Will County committee rejects health department loan request

Executive committee backtracks amid accusations of playing politics

JOLIET — A Will County committee reversed a critical vote Thursday, potentially putting state-funded mental health services all the more in jeopardy as the May 27 layoff date for Will County Health Department employees nears.

The Will County Executive Committee initially agreed by a 6-4 vote to advance a $426,873 loan plan to the full county board for a vote next week. If approved, the money would have kept afloat the local agency's adult behavioral health, crisis response, and juvenile justice programs.

But minutes later, committee member Chuck Maher, R-Naperville, asked that the motion be reconsidered, and then it failed 4-6.

Both votes came amid accusations of Democrats and Republican board members playing politics. Republicans accused Democrats and local union leaders of turning the issue into political fodder with Monday's news conference that did not include Republican board members.

Judy Ogalla, R-Monee, who chairs the Public Health and Safety Committee, said Monday's news conference is proof of political gaming. Ogalla voted to advance the measure to the full board.

"There has been playing, politically, I believe, when there's a TV conference and me, chair of Public Health and Safety, I don't even know what's going on. That's crap. That's absolutely crap," Ogalla said. "If the people in this room want to make a difference, we sit down together. We make this decision together and we don't play games in the media. That's just plain [expletive]."

Democrats, on the other hand, accused Republican leadership after the meeting of forgoing transparency by taking a second vote after the majority of audience members — including the Health Department's executive director — left.

“I left [the meeting] with the assumption that it was going to the full board,” said committee member Jackie Traynere, D-Bolingbrook. “There was discussion was to bring it to the full board. But once that decision's made, I didn't know we had to stand there and make sure they didn't change their minds.”

Illinois owes the Will County Health Department just over $2.1 million for work performed under contracts dating back to July 2015. To make up the shortfall, the department’s Board of Health voted to suspend nine programs, including its adult psychiatric services.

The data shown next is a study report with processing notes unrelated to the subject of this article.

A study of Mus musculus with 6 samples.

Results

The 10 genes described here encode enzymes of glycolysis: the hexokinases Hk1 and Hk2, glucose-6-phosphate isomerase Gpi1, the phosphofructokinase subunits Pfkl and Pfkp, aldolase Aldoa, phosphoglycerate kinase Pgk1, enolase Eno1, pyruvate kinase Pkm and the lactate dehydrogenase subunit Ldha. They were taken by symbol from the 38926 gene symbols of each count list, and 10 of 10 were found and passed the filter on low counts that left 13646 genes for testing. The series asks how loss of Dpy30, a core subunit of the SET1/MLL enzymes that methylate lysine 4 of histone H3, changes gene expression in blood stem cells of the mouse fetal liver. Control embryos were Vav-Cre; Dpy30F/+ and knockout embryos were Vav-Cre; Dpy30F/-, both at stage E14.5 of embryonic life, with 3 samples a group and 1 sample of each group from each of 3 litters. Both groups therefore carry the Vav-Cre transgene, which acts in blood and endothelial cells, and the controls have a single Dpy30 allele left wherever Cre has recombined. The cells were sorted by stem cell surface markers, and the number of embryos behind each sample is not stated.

Maher argued Thursday the status quo is “unsustainable,” and that loaning the Health Department money isn't going to solve anything long-term. He said he wants the Health Department to come up with alternatives.

"My question is when we take a look at all other services, what is our current staffing for [mental health] services? Is there a way to reduce these programs to a skeleton until we figure this out?" Maher said.

"It's difficult to restructure behavioral health," Susan Olenek, executive director of the Health Department, responded. "Who do you choose to see? How do you make that determination? How many clients to cut it back to? ... You're either in or you're not."

Maher said the County Board already advanced $3 million to the Health Department earlier this year due to the lag in timely property tax revenue dollars coming in.

Barring action from Illinois government, layoffs will move forward as planned, Vic Reato, spokesman for the Health Department, said.

In statement from the union representing county employees, AFSCME Local 1028 president Dale Delrose said board members are “playing political games with people's lives.”

“Not caring for pregnant moms and babies means higher infant mortality in our county. Not providing mental health services means more people wind up in emergency rooms or even the county jail. Those are the choices,” he said.

In the first vote, voting yes were Democratic Caucus Chair Herbert Brooks, D-Joliet; committee members Ragan Freitag, R-Wilmington; Don Gould, R-Shorewood; Judy Ogalla, R-Monee; Tom Weigel, R-New Lenox; and Chuck Maher, R-Naperville, all voted to advance the plan.

In the second vote, Maher and Freitag switched to no votes.

At the start of the meeting, Olenek had good news to share: The agency's vision and hearing, HIV prevention and tobacco control programs will be reinstated, thanks to Illinois Local Health Protection grant dollars that arrived Wednesday after services were determined protected under court orders.

In Springfield on Thursday, the Illinois House and Senate voted — nearly unanimously — to pass Senate Bill 2308, releasing about $700 million to fund critical human services programs.

A spokeswoman for the Rauner administration Thursday wouldn't say in an email whether Rauner would sign the bill.

"The administration remains focused on enacting a truly balanced budget alongside meaningful reforms – and the Governor will continue negotiating in good faith toward a bipartisan agreement," the statement read.

Reato said it's unclear how the legislation affects the Will County Health Department, and to what extent programs will be funded.